Your Stakeholders Will Be Thankful You Asked These Questions

Developing a great relationship with your organization’s stakeholders is one of the most important aspects of leadership. Stakeholders can be anyone from your business partners to your suppliers, and the way you need to engage with them will change over time.

Getting to know your stakeholders and engaging with them effectively benefits your organization and can result in stronger financials and a boost in productivity. On the other hand, ignoring the needs of your stakeholders can have disastrous effects, such as low employee morale or a dismal bottom line.

Ineffective engagement with an organization’s stakeholders can lead to blind spots for managers and executives, and these can have a dire effect on an organization’s growth. Fortunately, there are research-based strategies that you can use to notice such blind spots so that you can overcome them.

Identify Your Key Influencers

While your first gut instinct might be to start engaging with all your stakeholders immediately, it would be better to focus on the relationships that have, or will have, the most impact on your organization. Although it might seem ideal to try to solve the issues raised by all your stakeholders, limited time and resources mean that it will be more practical for you to address a targeted list.

When trying to determine who your key influencers are, look for the stakeholders who have the most significant impact on your organization’s growth. This means that the long-term success of your organization depends in large part to a good relationship with these individuals or groups.

In addition, key influencers are the stakeholders who cannot easily be replaced, such as a time-tested supplier or a top-performing department. Finally, you can tell that a stakeholder is a key influencer when your goals and their desired results are aligned. This means that the organization-stakeholder relationship is mutual.

Just recently, Bill, one of my coaching clients and a healthcare entrepreneur, contacted me to ask for advice. For more than a year, he and his senior management team have been trying to encourage patient groups to adopt his organization’s innovative medical equipment. However, they had not gained enough traction.

Bill suspected that the patient groups’ hesitation could be due to the fact that his organization’s products were more expensive than its competitors. Bill’s first instinct was to do one-on-one outreach to key influencers, but he was having trouble identifying who he should engage with first.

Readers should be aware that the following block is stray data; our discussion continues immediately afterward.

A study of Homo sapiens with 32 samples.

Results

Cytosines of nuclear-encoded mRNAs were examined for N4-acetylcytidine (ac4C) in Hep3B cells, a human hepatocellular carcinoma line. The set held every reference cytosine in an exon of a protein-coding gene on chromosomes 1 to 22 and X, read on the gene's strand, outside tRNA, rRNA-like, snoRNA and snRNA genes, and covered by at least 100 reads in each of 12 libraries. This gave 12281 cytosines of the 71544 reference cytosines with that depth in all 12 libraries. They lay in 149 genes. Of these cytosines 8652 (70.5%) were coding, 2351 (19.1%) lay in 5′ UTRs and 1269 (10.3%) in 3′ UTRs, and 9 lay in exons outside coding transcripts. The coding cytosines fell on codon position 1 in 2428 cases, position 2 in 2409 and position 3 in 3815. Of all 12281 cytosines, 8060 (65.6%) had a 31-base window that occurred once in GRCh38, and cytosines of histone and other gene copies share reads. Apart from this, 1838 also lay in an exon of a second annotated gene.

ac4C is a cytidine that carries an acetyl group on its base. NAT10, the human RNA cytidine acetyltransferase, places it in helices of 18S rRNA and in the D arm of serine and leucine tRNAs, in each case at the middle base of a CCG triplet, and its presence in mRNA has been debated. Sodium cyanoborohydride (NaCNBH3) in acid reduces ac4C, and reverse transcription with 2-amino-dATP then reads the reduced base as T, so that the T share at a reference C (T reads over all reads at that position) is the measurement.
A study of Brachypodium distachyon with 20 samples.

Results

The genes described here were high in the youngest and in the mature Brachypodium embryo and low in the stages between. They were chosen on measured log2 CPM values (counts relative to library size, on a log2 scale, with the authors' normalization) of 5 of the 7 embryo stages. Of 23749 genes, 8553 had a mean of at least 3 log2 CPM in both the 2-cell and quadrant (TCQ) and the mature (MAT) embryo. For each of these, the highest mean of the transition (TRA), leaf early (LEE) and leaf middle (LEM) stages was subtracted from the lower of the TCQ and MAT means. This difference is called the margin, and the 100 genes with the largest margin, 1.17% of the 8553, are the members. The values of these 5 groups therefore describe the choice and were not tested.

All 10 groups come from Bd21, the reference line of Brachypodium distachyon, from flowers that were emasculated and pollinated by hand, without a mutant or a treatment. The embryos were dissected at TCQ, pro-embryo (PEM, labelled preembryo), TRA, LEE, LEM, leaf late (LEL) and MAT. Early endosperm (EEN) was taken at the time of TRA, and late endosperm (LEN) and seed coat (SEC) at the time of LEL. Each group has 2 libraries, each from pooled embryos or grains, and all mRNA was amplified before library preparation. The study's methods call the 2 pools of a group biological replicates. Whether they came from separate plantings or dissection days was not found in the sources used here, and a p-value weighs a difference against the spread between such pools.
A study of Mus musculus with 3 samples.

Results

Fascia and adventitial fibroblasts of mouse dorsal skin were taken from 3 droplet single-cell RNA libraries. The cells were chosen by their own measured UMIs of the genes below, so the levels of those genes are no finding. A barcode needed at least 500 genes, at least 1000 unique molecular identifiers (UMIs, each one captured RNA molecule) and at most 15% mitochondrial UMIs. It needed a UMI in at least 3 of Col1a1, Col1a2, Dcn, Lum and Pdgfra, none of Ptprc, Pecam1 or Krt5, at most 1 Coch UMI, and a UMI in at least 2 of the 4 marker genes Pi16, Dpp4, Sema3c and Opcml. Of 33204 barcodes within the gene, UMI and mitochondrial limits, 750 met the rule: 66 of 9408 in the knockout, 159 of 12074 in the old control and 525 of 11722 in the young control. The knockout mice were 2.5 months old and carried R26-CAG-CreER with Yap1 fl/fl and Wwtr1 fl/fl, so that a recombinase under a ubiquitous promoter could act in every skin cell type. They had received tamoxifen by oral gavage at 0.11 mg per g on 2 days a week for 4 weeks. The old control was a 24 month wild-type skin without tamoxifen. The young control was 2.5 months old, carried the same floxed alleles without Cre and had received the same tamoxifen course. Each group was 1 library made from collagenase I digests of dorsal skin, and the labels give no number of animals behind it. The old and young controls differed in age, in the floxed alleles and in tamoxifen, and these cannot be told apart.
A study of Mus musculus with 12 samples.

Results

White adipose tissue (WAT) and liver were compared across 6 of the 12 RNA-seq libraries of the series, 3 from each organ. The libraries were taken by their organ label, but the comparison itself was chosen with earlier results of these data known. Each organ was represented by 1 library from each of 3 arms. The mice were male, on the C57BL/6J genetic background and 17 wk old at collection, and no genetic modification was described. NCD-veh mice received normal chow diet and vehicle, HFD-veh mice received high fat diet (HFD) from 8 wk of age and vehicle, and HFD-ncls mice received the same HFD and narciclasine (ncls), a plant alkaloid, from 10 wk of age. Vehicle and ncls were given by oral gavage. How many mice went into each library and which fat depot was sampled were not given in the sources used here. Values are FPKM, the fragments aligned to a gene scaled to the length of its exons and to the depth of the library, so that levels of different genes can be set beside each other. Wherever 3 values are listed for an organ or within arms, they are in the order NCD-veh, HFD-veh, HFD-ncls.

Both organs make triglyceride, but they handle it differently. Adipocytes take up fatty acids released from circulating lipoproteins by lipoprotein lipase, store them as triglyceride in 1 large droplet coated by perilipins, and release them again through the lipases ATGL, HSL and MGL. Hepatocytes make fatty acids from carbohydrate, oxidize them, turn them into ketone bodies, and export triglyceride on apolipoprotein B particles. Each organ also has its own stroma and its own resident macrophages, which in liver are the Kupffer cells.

When I checked Bill’s list of forty influencers, I saw that he had included a wide variety of people, and not all of them had a key decision-making role in shaping the advocacy efforts of patient’s groups. Bill and I trimmed the list down to just eight leaders of patient groups who had many similar priorities and concerns. As a result, Bill was able to come up with a better plan to engage with them.

Before You Engage, Conduct a Pre-Engagement Assessment Using These 8 Questions

Don’t jump in unprepared. Do a pre-engagement check before engaging with your key influencers. This will lead to a better, productive discourse.

Otherwise, you might fall into the dangerous judgment error known as the false consensus effect, where you assume other people are more similar to you and more inclined to do what you want them to do than is really the case. The false consensus effect is just one out of over one-hundred mental blind spots that scholars in cognitive neuroscience and behavioral economics call cognitive biases.

The questions below are informed by cutting-edge neuroscience research on how to address these cognitive biases, along with my own experience of over two decades coaching and training leaders on stakeholder engagement.

  1. What are their feelings, values, goals, and incentives around this issue?
  2. What is their story around this issue?
  3. What is their identity and sense of self as tied to the issue?
  4. How are they the hero in their own story?
  5. Why should they want to listen to your message and do what you want?
  6. What obstacles would prevent them from listening to your message and doing what you want?
  7. How can you remove the obstacles to and increase the rewards for them listening to you and doing what you want?
  8. Who do you know that can give you useful feedback on your answers to the previous pre-engagement assessment questions?


Effective engagement with your stakeholders entails getting to know them and understanding their needs. Coming up with a list of key influencers will lead to a more targeted approach and better discourse, and doing a pre-engagement assessment paves the way to productive meetings.